Seniors: What is Your Apathy Scale?

Jul 15th, 2011 | By Dr Jerry D Elrod | Category: Senior Moments Blog

Apathy: the art of not knowing and not caring.  This may not rank as an official definition, but it certainly capsulizes how many of us seniors are beginning to feel  It may be a self delusional practice, but apathy is a growing phenomenon which seems to protect persons from the troublesome negatives of this time.  Head in the sand behavior is often found to stave off all the garbage that swirls around us on any given day.

When, with friends recently, we recounted how we had been so absorbed by the last national election.  We were caught up in the spirit of the thing, the call for change, the hope for something better, more health and vitality within the body politic.  Then came the elections of 2010, and the hope that had been generated headed south, downhill, off the cliff.  The courage and foresight that seemed to have been promised were now lying dormant in the middle of political infighting.  The economy tanked, unemployment skyrocketed, wars multiplied, pettiness took over.

So, now here we are in the middle of a schoolyard tussle over stuff, most of which is quite petty and unrelated to the real issues that affect our lives. The apathy scale grows.

Here are some identifying features of that scale.

  • Finding yourself less inclined to engage in watching news broadcasts or talk shows on political and world issues.
  • Talking back less to those on TV espousing their points of view.
  • Avoiding Internet chats which are ultimately couched in ignorance and anger
  • Protecting your own blood pressure from the invasion of subjects which raise it to unhealthy numbers.
  • Disregarding polls illustrating the positions of large groups of people on subjects of political interest.
  • Refusing to read editorials while no longer writing letters to the editor.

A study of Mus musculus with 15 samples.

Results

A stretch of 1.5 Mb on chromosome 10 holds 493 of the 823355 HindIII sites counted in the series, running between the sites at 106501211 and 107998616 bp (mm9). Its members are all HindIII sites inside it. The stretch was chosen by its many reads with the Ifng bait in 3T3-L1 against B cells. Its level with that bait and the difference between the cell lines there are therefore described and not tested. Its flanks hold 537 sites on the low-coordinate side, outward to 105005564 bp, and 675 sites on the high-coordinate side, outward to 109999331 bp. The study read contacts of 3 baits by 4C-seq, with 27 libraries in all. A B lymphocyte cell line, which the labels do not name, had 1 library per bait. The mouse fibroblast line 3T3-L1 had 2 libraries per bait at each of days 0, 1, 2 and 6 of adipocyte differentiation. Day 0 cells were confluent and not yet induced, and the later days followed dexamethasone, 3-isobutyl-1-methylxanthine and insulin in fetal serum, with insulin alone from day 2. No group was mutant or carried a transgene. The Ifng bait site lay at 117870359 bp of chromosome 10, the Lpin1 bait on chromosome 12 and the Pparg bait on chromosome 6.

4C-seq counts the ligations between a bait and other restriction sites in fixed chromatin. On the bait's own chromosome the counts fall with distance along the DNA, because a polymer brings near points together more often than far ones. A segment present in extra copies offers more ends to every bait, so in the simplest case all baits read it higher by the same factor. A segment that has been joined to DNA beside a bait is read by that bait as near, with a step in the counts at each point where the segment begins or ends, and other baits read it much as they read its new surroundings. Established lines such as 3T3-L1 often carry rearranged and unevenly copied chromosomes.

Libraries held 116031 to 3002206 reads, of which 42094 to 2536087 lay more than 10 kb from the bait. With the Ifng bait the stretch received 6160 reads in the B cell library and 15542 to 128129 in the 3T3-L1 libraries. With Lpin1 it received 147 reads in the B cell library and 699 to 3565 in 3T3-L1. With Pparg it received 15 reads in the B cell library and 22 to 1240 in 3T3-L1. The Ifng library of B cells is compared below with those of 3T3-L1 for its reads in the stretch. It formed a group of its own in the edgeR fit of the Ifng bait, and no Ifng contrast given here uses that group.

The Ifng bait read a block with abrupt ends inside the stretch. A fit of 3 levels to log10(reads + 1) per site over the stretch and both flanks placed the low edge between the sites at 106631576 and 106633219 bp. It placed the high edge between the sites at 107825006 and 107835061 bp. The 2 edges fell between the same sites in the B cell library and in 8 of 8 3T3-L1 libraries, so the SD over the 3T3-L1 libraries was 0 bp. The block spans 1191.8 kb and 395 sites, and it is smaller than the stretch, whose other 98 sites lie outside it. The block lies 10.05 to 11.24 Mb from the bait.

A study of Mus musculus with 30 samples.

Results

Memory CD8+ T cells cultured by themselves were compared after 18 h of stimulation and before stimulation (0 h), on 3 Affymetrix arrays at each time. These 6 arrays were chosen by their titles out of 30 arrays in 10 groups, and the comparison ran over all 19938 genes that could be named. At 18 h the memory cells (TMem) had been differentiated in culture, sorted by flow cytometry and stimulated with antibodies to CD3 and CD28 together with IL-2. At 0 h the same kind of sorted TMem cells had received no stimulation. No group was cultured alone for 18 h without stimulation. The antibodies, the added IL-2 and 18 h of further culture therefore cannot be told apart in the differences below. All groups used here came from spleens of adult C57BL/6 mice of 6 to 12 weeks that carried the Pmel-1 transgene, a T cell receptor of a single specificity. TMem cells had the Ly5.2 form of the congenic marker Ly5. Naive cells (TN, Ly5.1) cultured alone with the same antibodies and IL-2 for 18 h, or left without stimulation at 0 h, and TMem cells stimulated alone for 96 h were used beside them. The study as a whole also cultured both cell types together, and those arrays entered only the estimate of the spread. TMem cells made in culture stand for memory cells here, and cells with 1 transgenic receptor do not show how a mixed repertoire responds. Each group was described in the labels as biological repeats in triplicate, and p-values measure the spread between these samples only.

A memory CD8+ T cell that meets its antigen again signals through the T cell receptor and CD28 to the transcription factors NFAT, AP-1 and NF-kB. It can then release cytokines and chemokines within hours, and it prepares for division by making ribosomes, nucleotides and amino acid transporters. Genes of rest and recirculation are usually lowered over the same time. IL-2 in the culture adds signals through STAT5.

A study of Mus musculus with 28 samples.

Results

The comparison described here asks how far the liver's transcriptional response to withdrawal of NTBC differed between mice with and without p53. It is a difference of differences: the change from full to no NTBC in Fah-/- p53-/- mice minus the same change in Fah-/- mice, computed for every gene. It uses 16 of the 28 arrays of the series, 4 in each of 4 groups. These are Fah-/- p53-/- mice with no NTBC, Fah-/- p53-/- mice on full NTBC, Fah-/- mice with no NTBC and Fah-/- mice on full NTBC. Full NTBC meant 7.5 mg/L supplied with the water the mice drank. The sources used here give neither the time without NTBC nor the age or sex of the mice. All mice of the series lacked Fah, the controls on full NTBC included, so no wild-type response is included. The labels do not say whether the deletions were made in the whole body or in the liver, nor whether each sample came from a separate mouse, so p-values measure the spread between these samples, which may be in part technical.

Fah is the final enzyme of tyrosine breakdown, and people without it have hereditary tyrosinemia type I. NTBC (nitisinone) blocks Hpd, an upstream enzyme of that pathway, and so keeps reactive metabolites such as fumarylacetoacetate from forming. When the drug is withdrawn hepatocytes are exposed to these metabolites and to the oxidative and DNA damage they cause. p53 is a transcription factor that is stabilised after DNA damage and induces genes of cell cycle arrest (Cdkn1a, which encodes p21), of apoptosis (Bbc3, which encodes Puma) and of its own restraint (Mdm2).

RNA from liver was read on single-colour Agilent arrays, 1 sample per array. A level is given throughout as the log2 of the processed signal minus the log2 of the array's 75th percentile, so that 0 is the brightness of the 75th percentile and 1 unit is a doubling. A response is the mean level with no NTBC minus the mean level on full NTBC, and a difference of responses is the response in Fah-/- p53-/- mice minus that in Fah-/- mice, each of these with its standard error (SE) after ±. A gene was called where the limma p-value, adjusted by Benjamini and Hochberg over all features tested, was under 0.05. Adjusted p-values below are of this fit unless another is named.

• Turning your back or turning off your hearing aid in the presence of those who are arguing political points of view.
  • Refusing to engage or be engaged by anyone whose perceptions are rigid and inflexible.
  • Changing the subject, when possible, with persons who try to sneak in a conversation that leads nowhere.
  • Refusing to take the bait when someone takes you on because they think they know where you stand.
  • Disallowing anyone to have power over your adrenaline when it comes to world issues.

Some of these are self protective measures to keep your own integrity and peace of mind intact.  Some may be self centered, disallowing the presence of those in your circle who create mayhem.  Some are simply common sense, about which there is little in many of today’s conversational exchanges.  Seeking civility may require some borderline rudeness.  Try to keep your own values and sensibilities from being marauded by those who now seem to have been given Absolute Truth.  They haven’t.  You likely won’t change them, so find ways to exercise an apathy that quells and deters them.  That will mean apathy has served you well. Remember Patrick Moynihan’s counsel:  “You may be entitled to your own opinions.  You are not entitled to your own facts.”